Sunday, 12 October 2014

Art Happens The Dan Pearson and William Morris Meadow

Compton Verney Art Gallery successfully raises funds from the public to realise landscape designer Dan Pearson’s project
Compton Verney announced on Friday 3 October 2014 that it successfully raised £10,437 to fund a new commission by leading landscape designer Dan Pearson which will transform their West lawn into a wild-flower meadow mown with a William Morris design.  The project is part of Compton Verney’s summer 2015 exhibition The Arts & Crafts House, which will be on show from Saturday 27 June to Sunday 13 September 2015 and will also have a lasting legacy on the site by reintroducing wild flowers which will help sustain and improve the habitat for wildlife now and for years to come.
The gallery has worked in partnership with the Art Fund to raise the funds for the project through a crowd-funding platform, housed within the Art Fund website.  The gallery managed to raise 102% of its target of £10,250, in the end totalling £10,437 from 177 funders. This money was vitally needed to make the project happen and donations soared during the last week of crowd-funding.
The next steps for the project will be to start preparing the ground as soon as the soil and weather conditions are suitable. Initially this will involve harrowing the surface to create a suitable seed bed, followed by sowing of a specialised mix of native wild flowers that have been chosen to suit the soil conditions.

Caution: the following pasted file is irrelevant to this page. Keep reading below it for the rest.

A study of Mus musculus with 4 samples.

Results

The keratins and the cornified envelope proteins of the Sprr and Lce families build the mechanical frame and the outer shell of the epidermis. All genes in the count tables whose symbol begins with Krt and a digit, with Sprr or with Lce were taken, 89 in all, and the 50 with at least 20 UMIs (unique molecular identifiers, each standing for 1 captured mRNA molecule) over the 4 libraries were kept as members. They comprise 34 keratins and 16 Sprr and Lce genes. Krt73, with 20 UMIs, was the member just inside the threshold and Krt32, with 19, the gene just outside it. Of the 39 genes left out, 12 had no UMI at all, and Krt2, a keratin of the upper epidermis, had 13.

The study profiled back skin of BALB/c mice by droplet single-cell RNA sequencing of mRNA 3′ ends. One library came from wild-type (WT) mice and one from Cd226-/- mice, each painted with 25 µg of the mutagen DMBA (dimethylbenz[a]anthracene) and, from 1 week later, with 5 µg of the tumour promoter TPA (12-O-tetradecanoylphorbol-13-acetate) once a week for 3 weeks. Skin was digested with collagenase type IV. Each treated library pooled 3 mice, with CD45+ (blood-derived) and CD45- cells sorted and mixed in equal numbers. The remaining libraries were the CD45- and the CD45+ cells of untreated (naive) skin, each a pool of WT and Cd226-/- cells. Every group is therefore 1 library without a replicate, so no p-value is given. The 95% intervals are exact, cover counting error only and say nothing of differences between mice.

Curator Antonia Harrison said “We are delighted to announce that the project has been funded.  A huge thank you to everyone who has donated, we are grateful for the support and interest that we have received from the public around this project.  We cannot wait to start work on the meadow in the very near future.”  
Dan Pearson, who is currently working on the landscaping and planting for the Thomas Heatherwick-designed Garden Bridge that will cross London’s River Thames, will be the first garden designer to have worked on the grounds at Compton Verney since Lancelot Capability Brown in the 18th century.  On raising the funds for the project he said “I am really looking forward to seeing the  iconic William Morris wallpaper design as a mown parterre in the West lawn meadow.  This will be a truly immersive experience which visitors to the exhibition can view from the galleries above and by those exploring the park weaving their way through the parterre at ground level.”